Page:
The Association for Unmanned Vehicle Systems International (AUVSI) has released a report that finds nearly 90% of the waivers granted by the FAA under Part 107 went to small businesses.
According to the report, most of the waivers allow businesses to operate unmanned aircraft systems (UAS) at night, which is not permitted under the current rule. The report also finds that businesses in 44 states received waivers in the first six months since the rule took effect.
“Whether inspecting infrastructure or surveying crop yields, there is clear evidence that America’s small businesses are leading the way in embracing the capabilities and benefits of UAS,” said Brian Wynne, president and CEO of AUVSI. “At the same time, UAS regulations can, and should, allow for more expanded operations, such as operations at night or beyond line of sight. This would open up a whole new world for UAS that may one day include package delivery and internet services.”
Part 107, also known as the small UAS rule, went into effect Aug. 29, 2016, creating a uniform regulatory framework for civil and commercial UAS operations. Among the rule’s requirements: Operators must fly below 400 feet, within visual line of sight, and during daylight hours.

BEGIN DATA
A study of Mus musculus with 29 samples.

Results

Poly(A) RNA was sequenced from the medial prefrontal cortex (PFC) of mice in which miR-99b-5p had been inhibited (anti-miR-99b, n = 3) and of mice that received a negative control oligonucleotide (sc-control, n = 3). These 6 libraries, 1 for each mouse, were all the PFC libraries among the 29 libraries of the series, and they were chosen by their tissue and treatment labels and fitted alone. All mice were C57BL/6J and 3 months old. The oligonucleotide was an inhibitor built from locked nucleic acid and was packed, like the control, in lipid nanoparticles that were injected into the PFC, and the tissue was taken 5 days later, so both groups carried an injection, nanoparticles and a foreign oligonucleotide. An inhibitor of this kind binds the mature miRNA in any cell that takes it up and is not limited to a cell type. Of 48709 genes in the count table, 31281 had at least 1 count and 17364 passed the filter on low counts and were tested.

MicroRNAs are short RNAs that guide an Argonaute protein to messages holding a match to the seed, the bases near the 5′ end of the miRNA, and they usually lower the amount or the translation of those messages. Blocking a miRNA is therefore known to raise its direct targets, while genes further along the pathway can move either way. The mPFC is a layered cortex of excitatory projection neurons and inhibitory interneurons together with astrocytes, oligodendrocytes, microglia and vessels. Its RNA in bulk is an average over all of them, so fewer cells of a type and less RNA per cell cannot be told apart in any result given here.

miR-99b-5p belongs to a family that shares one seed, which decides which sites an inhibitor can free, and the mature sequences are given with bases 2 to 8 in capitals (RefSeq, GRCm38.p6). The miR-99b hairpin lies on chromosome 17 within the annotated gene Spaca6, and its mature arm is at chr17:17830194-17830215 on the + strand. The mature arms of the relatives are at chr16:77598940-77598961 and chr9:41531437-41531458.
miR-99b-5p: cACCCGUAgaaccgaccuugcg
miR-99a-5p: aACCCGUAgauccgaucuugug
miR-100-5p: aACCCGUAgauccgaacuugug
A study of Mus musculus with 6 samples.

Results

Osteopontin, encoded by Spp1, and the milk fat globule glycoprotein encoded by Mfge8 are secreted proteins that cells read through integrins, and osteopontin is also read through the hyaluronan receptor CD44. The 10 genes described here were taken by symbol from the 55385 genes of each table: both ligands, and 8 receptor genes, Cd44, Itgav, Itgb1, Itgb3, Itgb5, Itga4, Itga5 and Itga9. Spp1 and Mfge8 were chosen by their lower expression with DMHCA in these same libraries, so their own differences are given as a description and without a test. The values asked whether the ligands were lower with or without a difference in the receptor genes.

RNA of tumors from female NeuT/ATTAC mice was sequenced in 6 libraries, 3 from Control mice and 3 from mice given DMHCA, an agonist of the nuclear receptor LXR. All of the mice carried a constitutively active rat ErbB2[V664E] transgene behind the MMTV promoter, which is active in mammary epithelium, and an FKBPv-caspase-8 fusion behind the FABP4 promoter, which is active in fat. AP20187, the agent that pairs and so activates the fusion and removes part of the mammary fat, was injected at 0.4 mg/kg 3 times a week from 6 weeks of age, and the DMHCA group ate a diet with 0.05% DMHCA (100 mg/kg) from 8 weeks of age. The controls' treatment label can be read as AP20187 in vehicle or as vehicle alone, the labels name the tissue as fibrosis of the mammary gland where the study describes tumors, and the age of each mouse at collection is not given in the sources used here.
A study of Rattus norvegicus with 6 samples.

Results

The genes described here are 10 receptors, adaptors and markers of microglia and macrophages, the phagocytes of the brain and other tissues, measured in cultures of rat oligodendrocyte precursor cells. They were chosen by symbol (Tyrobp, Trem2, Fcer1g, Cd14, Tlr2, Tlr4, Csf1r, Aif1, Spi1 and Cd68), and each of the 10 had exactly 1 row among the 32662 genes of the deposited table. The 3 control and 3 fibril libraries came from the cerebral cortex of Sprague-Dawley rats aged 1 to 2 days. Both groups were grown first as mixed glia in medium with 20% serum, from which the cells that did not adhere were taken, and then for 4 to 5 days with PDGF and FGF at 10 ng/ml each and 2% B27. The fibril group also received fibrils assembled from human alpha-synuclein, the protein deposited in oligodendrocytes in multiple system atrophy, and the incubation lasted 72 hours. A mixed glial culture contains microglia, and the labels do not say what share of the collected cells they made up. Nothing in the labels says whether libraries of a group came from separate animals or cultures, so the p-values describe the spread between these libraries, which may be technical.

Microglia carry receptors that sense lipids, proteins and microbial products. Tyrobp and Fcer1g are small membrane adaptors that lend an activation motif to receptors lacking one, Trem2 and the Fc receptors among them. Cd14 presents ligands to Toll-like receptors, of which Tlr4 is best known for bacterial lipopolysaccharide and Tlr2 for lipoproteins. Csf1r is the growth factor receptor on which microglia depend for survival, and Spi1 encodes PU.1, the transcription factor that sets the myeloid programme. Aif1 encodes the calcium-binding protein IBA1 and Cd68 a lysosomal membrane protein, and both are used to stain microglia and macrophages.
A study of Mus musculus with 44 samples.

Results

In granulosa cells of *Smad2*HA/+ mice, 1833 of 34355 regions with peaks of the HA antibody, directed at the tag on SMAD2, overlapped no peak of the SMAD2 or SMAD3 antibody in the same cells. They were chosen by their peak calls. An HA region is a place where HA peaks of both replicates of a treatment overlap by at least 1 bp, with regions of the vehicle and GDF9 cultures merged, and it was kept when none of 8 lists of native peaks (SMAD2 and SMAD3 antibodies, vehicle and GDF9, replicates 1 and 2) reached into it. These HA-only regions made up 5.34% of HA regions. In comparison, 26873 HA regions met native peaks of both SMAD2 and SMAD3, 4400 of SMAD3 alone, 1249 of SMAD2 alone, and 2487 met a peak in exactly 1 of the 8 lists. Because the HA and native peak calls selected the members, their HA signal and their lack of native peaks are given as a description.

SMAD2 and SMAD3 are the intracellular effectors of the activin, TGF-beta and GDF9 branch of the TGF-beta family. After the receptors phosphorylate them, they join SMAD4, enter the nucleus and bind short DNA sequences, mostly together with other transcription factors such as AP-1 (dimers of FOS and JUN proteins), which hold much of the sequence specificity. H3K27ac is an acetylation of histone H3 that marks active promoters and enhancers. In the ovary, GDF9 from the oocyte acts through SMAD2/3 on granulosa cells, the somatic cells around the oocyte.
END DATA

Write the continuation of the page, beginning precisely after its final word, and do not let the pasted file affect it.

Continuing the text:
Additionally, Part 107 established a waiver process to allow businesses to request the FAA to allow them to fly outside the permitted operating standards, if they demonstrate it can be done safely.
So far, the FAA has granted 314 waivers for commercial UAS operators to fly outside the parameters of Part 107.
In addition to nighttime operations, the FAA has granted waivers to fly beyond line of sight, use multiple UAS at a single time, and conduct flights over people.
The most popular UAS application for the waivers is aerial photography, representing 84% of the granted waivers; followed by real estate (58%), aerial inspection (58%), construction (52%) and infrastructure (51%).
“The industry projects to create more than 100,000 jobs and provide more than $82 billion in economic impact once UAS are fully integrated into the airspace. With an expanded regulatory environment, there’s no question these numbers could go even higher,” Wynne said. “But this can only happen if the government puts in place a true, holistic plan for full UAS integration that allows for nighttime operations, as well as flights over people, beyond line of sight operations, access to higher altitudes and platforms above 55 pounds. By allowing these expanded operations, UAS stand to have an even bigger economic impact.”
The future of commercial UAS operations, including expanded operations, will be discussed at the second annual FAA UAS symposium, co-hosted by the FAA and AUVSI at the Hyatt Regency in Reston, Virginia March 27-29, 2017. The symposium will feature discussion on a wide range of issues to help the FAA develop long-term policy on UAS integration.